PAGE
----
Just when it seemed that The Warehouse Project organisers had exhausted their seemingly bottomless contacts books for the final run at Store Street, they pull another rabbit out of the hat, Paul Daniels style.
Tonight disco legends Chic hit town, with frontman Nile Rodgers in tow. While Store Street is perfect for a clubnight, its cavernous car-park interiors do not immediately seem ideally suited to a band. But when that band is Chic, such considerations are entirely frivolous. This is music to hearts racing and toes a-twinkling.
Techno don Jeff Mills was scheduled to play tonight, but cancelled at the last minute. With DJs often playing many separate events in one night, this is not entirely surprising (I’ve still not forgiven Zombie Nation for missing his flight when I was meant to be seeing him in Leeds).
But Chic are electrifying, and more than make up for any disappointment at Mills’ non-arrival. ‘Everybody Dance’ gets the crowd going, while ‘I Want Your Love’ demonstrates perfectly how influential Chic were to the development of house music, not to mention the disco-inflected rock of The Gossip or The Rapture. They sign off with an exhilarating ‘Le Freak’, featuring Manchester’s own Johnny Marr.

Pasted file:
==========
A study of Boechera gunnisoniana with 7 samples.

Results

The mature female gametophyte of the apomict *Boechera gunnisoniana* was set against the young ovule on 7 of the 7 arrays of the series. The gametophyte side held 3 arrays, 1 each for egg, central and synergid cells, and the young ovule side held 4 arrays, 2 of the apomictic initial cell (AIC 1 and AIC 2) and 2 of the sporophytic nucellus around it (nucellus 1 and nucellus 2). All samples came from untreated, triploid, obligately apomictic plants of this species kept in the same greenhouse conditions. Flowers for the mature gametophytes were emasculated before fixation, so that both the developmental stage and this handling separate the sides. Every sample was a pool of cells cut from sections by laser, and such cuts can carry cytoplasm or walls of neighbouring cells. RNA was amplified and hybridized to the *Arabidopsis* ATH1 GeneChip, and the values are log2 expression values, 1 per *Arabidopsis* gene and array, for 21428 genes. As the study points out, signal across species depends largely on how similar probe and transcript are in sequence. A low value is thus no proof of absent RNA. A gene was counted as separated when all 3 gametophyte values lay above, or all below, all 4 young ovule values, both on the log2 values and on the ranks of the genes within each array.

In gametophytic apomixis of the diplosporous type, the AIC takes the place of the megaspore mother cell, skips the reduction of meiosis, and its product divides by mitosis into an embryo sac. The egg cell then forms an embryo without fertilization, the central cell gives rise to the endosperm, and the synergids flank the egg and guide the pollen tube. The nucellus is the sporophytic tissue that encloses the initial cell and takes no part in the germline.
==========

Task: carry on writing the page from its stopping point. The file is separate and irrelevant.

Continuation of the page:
Simian Mobile Disco’s DJ set leans heavily on the harder sounds of their recent Delicacies EP, a move away from the indie-electro of Attack, Sustain, Repeat, Decay to some serious menacing techno. The crowd laps it up regardless, thousands of dancing bodies sweating in unison.
While the mass majority of the crowd are here to see the headliners, Mancunian Matters does, as always, make his way to room two to check out resident beatmeister Krysko spin some seriously mesmeric house.
As we head to the 24-hour McDonalds, our sweat-drenched shirt hastily drying in the frosty northern air, we can only conclude that The Warehouse Project seems to be raising the bar higher and higher – there’s going to be a sense of mourning among Manchester’s dance community if they don’t come back one Store Still finished on New Year’s Day.
Photograph courtesy of Warehouse Project.